Impaired COVID-19 Vaccine Humoral Responses in Hematologic Malignancies
See article, p. 568.
Hematologic malignancy patients are highly susceptible to severe coronavirus disease-19 (COVID-19) illness and are a high-priority group for vaccination to mitigate COVID-19–related morbidity and mortality. Chung et al. find differential COVID-19 vaccine humoral responses between hematologic malignancy subtypes and disease-specific therapies across patient cohorts. Hematologic malignancy patients undergoing active therapy have baseline humoral responses that are further suppressed. Importantly, antibody titers alone are an imperfect measure of immunity, as many patients with positive anti–SARS-CoV-2 antibody titers have insufficient neutralizing capacity. These findings together provide important metrics for optimizing the clinical care of this vulnerable population.
Response to SARS-CoV-2 Vaccination after Cellular Therapies
See article, p. 577.
Cellular therapies, including allogeneic and autologous hematopoietic cell transplant (allo-HCT, auto-HCT) and chimeric antigen receptor T-cell therapy (CAR T), render patients severely immunocompromised for extended periods after therapy. Tamari et al. define predictors of response to COVID-19 vaccine to nominate important factors for optimizing response to vaccination. Type of cellular therapy, timing of vaccination post–cellular therapy, and immune recovery post–cellular therapy predict response. Many patients with positive, yet low, anti–SARS-CoV-2 antibody titers demonstrate low neutralizing capacity, highlighting the limitations of using antibody titer as the only proxy for immunity.
Classification of Pediatric Acute Myeloid Leukemia
See article, p. 586.
Pediatric acute leukemias have historically been classified by immunophenotyping followed by genomic subclassification. Patients are categorized into T, B, myeloid, or mixed-lineage disease for the purpose of general treatment approach, and these regimens are then further tailored in intensity and/or targeted therapeutics when applicable. Fornerod et al. apply an integrated analysis of gene expression and mutation profiling to a cohort of pediatric patients with acute leukemias that have myeloid features. This reveals a subset of patients with shared mutational composition and gene expression that spanned three immunophenotypes: T, myeloid, and mixed-lineage acute leukemias. The authors further identify patients with the same mutations but with differential gene expression profiles and outcomes. These results suggest acute leukemia classification requires more comprehensive, sequencing-based diagnostic methods beyond flow cytometry.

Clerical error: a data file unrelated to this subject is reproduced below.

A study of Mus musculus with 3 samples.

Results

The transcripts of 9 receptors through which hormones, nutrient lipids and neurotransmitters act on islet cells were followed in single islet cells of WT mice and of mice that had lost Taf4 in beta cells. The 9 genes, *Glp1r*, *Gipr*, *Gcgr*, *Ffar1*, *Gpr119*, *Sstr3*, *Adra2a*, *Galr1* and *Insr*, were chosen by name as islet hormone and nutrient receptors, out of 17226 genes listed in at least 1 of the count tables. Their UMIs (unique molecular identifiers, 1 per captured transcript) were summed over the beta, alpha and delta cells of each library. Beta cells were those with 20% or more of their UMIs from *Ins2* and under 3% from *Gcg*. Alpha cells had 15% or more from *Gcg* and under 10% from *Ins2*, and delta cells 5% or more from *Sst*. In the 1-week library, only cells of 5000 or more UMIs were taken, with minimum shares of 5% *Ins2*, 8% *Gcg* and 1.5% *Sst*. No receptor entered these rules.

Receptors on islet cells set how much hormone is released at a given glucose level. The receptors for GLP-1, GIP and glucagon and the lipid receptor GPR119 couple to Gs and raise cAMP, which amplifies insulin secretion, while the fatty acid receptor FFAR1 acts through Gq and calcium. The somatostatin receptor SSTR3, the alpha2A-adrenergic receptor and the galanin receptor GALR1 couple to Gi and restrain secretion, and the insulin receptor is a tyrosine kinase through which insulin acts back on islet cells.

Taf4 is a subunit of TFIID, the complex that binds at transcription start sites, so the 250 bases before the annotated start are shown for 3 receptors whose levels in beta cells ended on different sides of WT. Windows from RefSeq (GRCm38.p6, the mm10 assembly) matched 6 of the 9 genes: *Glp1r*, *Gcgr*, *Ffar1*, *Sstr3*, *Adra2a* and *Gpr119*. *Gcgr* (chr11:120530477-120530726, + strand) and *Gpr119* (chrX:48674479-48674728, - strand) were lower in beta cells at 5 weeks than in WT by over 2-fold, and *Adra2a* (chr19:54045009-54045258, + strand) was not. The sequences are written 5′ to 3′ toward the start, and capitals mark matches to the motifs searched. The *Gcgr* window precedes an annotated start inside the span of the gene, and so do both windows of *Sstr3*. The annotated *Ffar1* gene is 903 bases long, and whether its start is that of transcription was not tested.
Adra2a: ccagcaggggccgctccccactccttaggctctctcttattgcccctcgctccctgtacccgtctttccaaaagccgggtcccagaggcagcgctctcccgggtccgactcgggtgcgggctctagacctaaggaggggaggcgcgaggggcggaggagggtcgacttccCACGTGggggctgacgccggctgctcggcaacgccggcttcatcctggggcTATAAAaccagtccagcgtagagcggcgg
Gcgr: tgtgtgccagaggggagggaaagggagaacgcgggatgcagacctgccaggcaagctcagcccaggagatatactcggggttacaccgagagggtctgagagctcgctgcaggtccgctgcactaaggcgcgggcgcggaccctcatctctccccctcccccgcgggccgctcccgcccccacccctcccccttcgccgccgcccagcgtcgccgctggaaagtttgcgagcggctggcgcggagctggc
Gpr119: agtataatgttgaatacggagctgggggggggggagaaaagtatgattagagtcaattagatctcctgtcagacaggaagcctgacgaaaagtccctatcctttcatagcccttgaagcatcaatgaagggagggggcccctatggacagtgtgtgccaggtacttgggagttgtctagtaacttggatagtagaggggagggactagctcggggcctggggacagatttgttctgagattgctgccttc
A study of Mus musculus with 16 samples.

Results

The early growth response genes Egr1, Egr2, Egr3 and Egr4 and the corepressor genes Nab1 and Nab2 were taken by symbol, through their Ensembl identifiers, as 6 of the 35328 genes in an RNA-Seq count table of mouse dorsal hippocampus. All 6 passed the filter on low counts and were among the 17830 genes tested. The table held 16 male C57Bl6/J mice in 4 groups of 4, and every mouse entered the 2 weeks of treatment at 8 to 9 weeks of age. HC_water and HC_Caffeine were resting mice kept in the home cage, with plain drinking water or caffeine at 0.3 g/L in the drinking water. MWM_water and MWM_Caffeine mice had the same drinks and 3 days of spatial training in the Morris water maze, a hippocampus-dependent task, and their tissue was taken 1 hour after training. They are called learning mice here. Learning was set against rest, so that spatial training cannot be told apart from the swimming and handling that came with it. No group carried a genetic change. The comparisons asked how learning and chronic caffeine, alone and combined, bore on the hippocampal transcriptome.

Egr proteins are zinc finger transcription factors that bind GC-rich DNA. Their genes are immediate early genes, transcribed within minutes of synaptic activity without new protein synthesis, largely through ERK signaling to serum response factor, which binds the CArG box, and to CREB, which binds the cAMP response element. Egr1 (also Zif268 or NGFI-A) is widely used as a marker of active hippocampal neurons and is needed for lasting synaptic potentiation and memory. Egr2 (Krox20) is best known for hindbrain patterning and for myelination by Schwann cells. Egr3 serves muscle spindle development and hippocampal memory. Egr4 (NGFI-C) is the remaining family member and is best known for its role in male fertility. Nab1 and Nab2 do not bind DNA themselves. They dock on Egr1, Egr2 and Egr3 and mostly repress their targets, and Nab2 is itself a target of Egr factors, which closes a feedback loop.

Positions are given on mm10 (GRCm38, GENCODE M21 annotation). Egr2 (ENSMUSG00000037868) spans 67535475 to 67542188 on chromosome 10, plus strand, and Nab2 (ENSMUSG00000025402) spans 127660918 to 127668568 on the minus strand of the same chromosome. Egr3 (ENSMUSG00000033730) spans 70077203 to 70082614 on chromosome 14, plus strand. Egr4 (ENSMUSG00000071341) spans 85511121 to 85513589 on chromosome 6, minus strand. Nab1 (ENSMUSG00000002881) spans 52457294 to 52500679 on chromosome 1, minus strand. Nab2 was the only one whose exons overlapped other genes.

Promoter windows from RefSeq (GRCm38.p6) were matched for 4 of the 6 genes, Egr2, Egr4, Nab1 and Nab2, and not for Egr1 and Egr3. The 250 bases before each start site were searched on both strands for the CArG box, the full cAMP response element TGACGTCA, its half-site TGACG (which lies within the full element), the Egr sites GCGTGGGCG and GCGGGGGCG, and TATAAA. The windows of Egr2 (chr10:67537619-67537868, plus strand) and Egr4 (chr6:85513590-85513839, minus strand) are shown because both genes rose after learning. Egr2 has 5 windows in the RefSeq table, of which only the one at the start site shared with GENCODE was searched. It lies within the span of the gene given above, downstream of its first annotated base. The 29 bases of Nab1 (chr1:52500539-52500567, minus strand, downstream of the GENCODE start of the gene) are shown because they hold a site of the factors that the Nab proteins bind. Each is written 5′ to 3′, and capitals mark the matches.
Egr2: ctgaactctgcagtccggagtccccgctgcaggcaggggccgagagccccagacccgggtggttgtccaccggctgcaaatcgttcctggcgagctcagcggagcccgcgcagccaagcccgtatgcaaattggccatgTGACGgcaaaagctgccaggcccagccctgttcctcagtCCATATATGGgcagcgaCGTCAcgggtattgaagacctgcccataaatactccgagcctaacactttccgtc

MyD88-Mutant Progenitors and Immune Changes Precede Waldenstrom Macroglobulinemia
See article, p. 600.
Waldenstrom macroglobulinemia (WM) is characterized by outgrowth of mature IgM+ B cells with MYD88 mutations. Kaushal et al. show that WM lesions originate in the presence of several alterations in the immune microenvironment, including aberrant nonmalignant extrafollicular B-cell expansion, myeloid inflammation, and WM-specific T-cell immune responses. The characteristic MyD88 mutations originate in early lymphoid progenitors prior to expansion of the malignant clone. These findings suggest a new model for the origin of WM.
Phase II Study of HiDAC followed by Pembrolizumab in R/R AML
See article, p. 616.
Overall outcomes are dismal in relapsed/refractory AML (R/R AML), and therapeutic options are limited. In this phase II study, Zeidner et al. investigate the safety, feasibility, and clinical activity of immune checkpoint blockade with pembrolizumab after high-dose cytarabine (HiDAC) chemotherapy in R/R AML. The addition of pembrolizumab to HiDAC leads to an overall complete remission rate of 38%, with encouraging clinical outcomes and self-limiting immune-related adverse events. Multifaceted immunogenomic profiling before and after therapy reveals putative biomarkers of response to pembrolizumab, warranting further investigation.
Early Resistance to BTK Inhibitors Evolves via Epigenetic Changes in Lymphoma and Leukemia
See article, p. 630.
Inhibitors of Bruton tyrosine kinase (BTKi) block pathogenic B-cell receptor (BCR) signaling, improving outcomes for patients with lymphoid malignancies. Nonetheless, resistance to BTK therapy is a frequent clinical problem that has previously been ascribed to genetic alterations. Shaffer et al. find a primary, early mechanism of BTKi resistance involving epigenetic reprogramming of the malignant cell. Specifically, the epigenetic upregulation of the small GTPase RAC2 increases its interaction with, and activation of, PLCγ2. This RAC2-dependent activation circumvents the requirement for BTK to phosphorylate PLCγ2 to trigger the prosurvival NF-κB pathway. Clinically available drugs are identified that can kill BTKi-resistant cells.
NOT-Gated CD93 CAR T Cells for Treatment of AML
See article, p. 648.
Clinical translation of CAR T-cell therapy for AML has been limited by the lack of optimal CAR targets and the risk of on-target, off-tumor toxicity. Richards et al. report a novel anti-AML CAR T-cell therapy targeting CD93 and demonstrate antileukemic activity without toxicity to critical hematopoietic stem and progenitor cells. To mitigate tissue-specificity concerns, next-generation, NOT-gated CD93 CAR T cells were engineered. Transcriptomic analysis of AML and endothelial cells demonstrates a promising target identification strategy for further advancement of this technology.